On the strength of the images I made two weeks earlier, I was eager to get out and work again with the rocks at Duncan's Cove. Last year I didn't produce any images pursing the ideas I developed in 1997, in conjunction with Joy's work (elaborated on in the Laetitia folio), but the concepts have been swirling around in my mind, and it was interesting how easy it was to return to that way of seeing.
before I'd been working with the setting sun reflecting in water pools,
this time at Duncan's Cove, I was working with the afternoon sun.
Initially I expected the work to be weak, with little of the life or
richness which I found a fortnight before. Surprisingly, the two best
images of the session are far superior to those earlier images, having a
brilliance and life to them which could only have occurred with
afternoon light. The luminescence to both of these images is born in the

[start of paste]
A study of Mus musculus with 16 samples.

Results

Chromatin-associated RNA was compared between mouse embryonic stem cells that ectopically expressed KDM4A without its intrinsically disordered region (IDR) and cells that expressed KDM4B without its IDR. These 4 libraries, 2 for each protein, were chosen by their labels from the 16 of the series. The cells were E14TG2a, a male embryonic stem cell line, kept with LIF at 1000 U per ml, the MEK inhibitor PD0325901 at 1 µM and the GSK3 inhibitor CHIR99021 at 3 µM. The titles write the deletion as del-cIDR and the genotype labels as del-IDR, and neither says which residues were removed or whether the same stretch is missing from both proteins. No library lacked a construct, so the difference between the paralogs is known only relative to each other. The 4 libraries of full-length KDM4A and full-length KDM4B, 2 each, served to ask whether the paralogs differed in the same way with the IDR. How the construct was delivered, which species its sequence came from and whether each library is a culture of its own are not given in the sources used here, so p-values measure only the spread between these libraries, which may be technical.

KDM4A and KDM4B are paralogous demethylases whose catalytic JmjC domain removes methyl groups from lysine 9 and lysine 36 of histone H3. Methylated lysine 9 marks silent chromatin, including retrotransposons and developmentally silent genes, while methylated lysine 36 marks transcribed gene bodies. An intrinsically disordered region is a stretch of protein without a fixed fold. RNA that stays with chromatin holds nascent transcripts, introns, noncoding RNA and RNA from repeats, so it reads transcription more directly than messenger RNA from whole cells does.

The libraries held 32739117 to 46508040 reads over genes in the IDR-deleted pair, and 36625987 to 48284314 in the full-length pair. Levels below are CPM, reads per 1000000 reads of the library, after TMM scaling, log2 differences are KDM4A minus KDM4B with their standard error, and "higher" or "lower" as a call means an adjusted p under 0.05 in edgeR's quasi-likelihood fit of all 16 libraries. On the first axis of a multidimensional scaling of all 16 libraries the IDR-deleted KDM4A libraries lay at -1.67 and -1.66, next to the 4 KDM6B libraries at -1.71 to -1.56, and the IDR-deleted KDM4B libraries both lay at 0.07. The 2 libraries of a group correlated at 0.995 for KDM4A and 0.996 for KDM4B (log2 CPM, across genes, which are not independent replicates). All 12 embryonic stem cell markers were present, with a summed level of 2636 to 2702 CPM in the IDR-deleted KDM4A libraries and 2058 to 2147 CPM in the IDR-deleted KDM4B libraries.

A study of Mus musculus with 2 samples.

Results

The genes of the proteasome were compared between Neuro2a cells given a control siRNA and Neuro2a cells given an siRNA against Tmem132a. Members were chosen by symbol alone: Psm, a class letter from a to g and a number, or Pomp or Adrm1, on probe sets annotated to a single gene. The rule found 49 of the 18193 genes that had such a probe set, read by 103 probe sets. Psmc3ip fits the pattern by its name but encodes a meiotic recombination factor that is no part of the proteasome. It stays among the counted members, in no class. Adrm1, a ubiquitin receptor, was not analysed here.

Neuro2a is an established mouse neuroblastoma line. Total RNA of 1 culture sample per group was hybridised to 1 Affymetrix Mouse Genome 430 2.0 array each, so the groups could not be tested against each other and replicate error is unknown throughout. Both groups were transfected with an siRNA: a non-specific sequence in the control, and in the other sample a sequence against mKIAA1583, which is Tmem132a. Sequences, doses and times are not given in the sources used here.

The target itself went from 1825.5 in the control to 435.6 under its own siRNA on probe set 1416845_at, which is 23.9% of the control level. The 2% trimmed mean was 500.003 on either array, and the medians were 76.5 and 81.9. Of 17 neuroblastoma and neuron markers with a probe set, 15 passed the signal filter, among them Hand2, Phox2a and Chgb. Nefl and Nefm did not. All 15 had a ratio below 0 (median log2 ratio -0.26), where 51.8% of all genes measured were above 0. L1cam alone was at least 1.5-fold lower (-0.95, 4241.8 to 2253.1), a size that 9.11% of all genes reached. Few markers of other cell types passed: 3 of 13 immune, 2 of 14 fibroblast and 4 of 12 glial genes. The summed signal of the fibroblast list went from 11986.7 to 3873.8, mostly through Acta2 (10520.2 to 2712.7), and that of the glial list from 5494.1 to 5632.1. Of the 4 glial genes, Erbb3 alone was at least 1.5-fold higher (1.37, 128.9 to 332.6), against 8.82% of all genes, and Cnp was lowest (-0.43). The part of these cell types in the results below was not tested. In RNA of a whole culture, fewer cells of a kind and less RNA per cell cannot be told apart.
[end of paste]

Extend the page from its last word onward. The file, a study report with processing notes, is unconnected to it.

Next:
light, high cloud that covered the sun. As opposed to the specular
highlight of much of the earlier Light Images, these two have a soft,
glowing quality which is much more subtle, yet defiantly effective in
their own way.
In the end, there were some real problems with working in the middle of the afternoon. For one thing, there were many people about, which proved somewhat distracting, and required me to occasionally explain the camera to curious passers-by. For another, there were the shifting clouds. Almost all the other images I've made using reflections have been made using direct sunlight, but as I was working with the clouds, more often than not, the clouds would have shifted before I was ready to make the image, leading to a debate over waiting for the light to change back, or give up and move on to the next image. When I opted to wait, I'd spend the time looking for other images, exploring the immediate surroundings and keeping an eye on the light.